The whole point of free speech is not to make ideas exempt from criticism but to expose them to it.

Monday, September 7, 2009

So Thad, Gordo, where would you guys rather get cancer? The US? Or France? Or Switzerland.

Al Frankin lays it out pretty well in the video above. As does this, an interesting health care discussion from (hardly a left-wing propaganda site) about who pays for what where.


"So, where would you rather get cancer? In America, you have a modestly better chance of surviving most cancers for 5 years. But there's a 1 in 4 chance you will lose your life savings and a 1 in 10 chance you will have to beg for food or rent, while in France, the whole thing will cost you nothing.

What'll it be?

But wait: why are we even asking this question?

Why don't we just change our insurance system to fix the payment problem, but keep our great treatment system? We could eliminate rescission and lifetime caps on coverage, mandate that insurers have to ignore pre-existing conditions so that a cancer diagnosis doesn't mean you can never get insurance again even if you're cured, and use government subsidies so people who are too rich for Medicaid can still afford insurance, and nobody has to blow their kids' college fund on chemotherapy. In other words, we could do what the House health-insurance reform bill does!

How is insuring everyone, and making sure that "insurance" actually means insurance, going to make cancer treatment in America worse? Are cancer-treatment centres all eager to preserve a situation in which their patients may abruptly lose insurance coverage and have to mortgage their house to afford drugs?

Is someone really going to argue that in order to have the world's best cancer-treatment system, we need to arbitrarily bankrupt a million or so unsuspecting saps every year? That our treatment outcomes are so great because of our fine insurance system? Surely no one could take that claim seriously."


Thad Wasson said...

The denial of insurance claims is the exception not the rule. Mr. Frankin should provide stats on those getting turned down after they made their premium.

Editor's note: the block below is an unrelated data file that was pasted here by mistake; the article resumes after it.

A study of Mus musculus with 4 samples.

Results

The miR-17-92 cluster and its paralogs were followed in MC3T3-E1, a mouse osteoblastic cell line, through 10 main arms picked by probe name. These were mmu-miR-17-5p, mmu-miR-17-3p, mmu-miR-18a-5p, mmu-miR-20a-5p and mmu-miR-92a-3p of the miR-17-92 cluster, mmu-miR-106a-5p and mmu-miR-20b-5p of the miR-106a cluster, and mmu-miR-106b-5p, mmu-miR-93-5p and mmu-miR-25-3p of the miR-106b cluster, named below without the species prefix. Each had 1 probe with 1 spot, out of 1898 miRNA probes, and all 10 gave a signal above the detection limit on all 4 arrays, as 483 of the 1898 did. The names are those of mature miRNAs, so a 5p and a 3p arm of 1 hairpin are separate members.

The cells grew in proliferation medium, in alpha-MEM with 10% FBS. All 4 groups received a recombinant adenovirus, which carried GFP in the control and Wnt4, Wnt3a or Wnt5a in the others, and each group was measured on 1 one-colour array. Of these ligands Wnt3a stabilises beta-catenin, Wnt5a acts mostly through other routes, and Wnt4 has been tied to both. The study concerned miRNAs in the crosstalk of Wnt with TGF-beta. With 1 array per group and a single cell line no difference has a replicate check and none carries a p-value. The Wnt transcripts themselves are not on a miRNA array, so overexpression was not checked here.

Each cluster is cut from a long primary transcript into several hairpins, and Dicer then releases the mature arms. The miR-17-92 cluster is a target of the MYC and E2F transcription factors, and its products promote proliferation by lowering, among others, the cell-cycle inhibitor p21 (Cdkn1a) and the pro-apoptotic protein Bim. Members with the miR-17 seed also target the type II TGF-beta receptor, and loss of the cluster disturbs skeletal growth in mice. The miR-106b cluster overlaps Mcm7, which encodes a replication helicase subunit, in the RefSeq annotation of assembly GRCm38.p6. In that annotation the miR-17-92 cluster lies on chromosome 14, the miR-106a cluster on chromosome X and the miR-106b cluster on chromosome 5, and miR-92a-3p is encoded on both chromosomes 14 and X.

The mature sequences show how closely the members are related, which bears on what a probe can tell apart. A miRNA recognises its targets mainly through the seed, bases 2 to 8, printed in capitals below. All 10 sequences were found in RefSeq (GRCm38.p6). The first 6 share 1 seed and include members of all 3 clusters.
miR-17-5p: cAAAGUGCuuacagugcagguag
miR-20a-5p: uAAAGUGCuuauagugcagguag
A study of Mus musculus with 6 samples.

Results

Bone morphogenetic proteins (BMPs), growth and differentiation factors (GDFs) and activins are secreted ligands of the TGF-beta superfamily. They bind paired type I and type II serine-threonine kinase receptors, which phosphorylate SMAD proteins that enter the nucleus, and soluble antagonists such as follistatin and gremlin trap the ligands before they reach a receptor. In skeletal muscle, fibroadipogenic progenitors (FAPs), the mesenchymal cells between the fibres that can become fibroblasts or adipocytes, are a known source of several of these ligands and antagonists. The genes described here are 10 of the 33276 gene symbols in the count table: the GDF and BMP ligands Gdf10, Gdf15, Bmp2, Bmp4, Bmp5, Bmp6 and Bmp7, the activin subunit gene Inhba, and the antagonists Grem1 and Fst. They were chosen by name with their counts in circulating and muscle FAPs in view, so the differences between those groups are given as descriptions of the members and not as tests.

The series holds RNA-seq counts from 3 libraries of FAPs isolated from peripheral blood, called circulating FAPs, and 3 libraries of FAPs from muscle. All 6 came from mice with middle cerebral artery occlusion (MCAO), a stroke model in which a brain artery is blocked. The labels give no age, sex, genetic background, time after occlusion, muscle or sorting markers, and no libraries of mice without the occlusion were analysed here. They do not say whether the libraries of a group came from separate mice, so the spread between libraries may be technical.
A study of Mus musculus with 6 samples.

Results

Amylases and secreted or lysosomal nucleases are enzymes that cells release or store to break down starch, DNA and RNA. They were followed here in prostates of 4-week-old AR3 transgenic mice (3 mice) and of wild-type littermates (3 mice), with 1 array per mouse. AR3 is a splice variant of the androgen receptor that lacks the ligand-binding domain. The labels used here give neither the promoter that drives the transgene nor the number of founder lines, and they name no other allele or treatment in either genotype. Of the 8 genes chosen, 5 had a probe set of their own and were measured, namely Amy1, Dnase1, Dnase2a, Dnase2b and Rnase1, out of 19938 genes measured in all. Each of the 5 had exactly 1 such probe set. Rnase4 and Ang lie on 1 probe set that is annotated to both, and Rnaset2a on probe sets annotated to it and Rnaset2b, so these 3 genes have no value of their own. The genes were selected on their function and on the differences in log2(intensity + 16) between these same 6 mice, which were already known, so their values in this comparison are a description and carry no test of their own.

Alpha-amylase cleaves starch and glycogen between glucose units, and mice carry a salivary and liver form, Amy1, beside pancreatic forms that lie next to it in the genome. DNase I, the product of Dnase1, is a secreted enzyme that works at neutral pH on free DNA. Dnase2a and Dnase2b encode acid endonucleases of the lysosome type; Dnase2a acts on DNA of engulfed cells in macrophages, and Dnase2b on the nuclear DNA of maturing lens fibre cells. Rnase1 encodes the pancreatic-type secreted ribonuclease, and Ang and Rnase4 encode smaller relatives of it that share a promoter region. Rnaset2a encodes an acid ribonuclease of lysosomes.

Michael Sanborn said...

Sorry, Bill

Al Frankin lies when the truth makes a better story. If I have to get cancer, I'd rather get it here where my chances of survival are better than most countries, although France and Japan have a good survival rate too.

Bill Fleming said...

Even if it means you have to go bankrupt, Mike?
I think that borders on the criminal, myself.

Michael Sanborn said...

I have been down this path. And, when faced with bankruptcy or the life of my child, I'll take bankruptcy every time.

It took years in my case, but I was able to avoid bankruptcy. Some don't.

What I thought was criminal was a so-called not-for-profit company with nearly $100 million in reserve charging 500 times retail for meds and unnecessary, expensive and – at times – incompetent care.

Bill Fleming said...

My point, Mike, is that you shouldn't have to be faced with such a choice. No American should.

Michael Sanborn said...

How does Obama's or the House's plan keep me, a self employed person, from having to face the same choice?

Donna said...

My sister lived in Norway for almost 30 years. When she had cancer, indeed everything was paid. Including a taxi to pick her up and take her to her treatments. Unfortunately, their tax rate is right at 50% of their income to cover this wonderful health benefit.

Bill Fleming said...

And, Donna, I hear they like it that way in Norway. In fact, I heard some conservatives tried to change things and they all got voted out. Is that how your sister understood it? I also heard there was not nearly the disparity in income between the "haves and the have nots."

Donna said...

They accept it as a way of life. Obviously, none are prepared to give up the benefits they have currently. But also they would prefer to pay less of their income to the government.

I am really not sure how the religious right would make this health care system function as part of the process in Norway is sex education to all children- taught in the schools and on public TV. What you don't have in Norway are teeneage unwed mothers living off a welfare system.

The point is, you'd have to accept most of the lifestyle changes to really compare what works and doesn't work.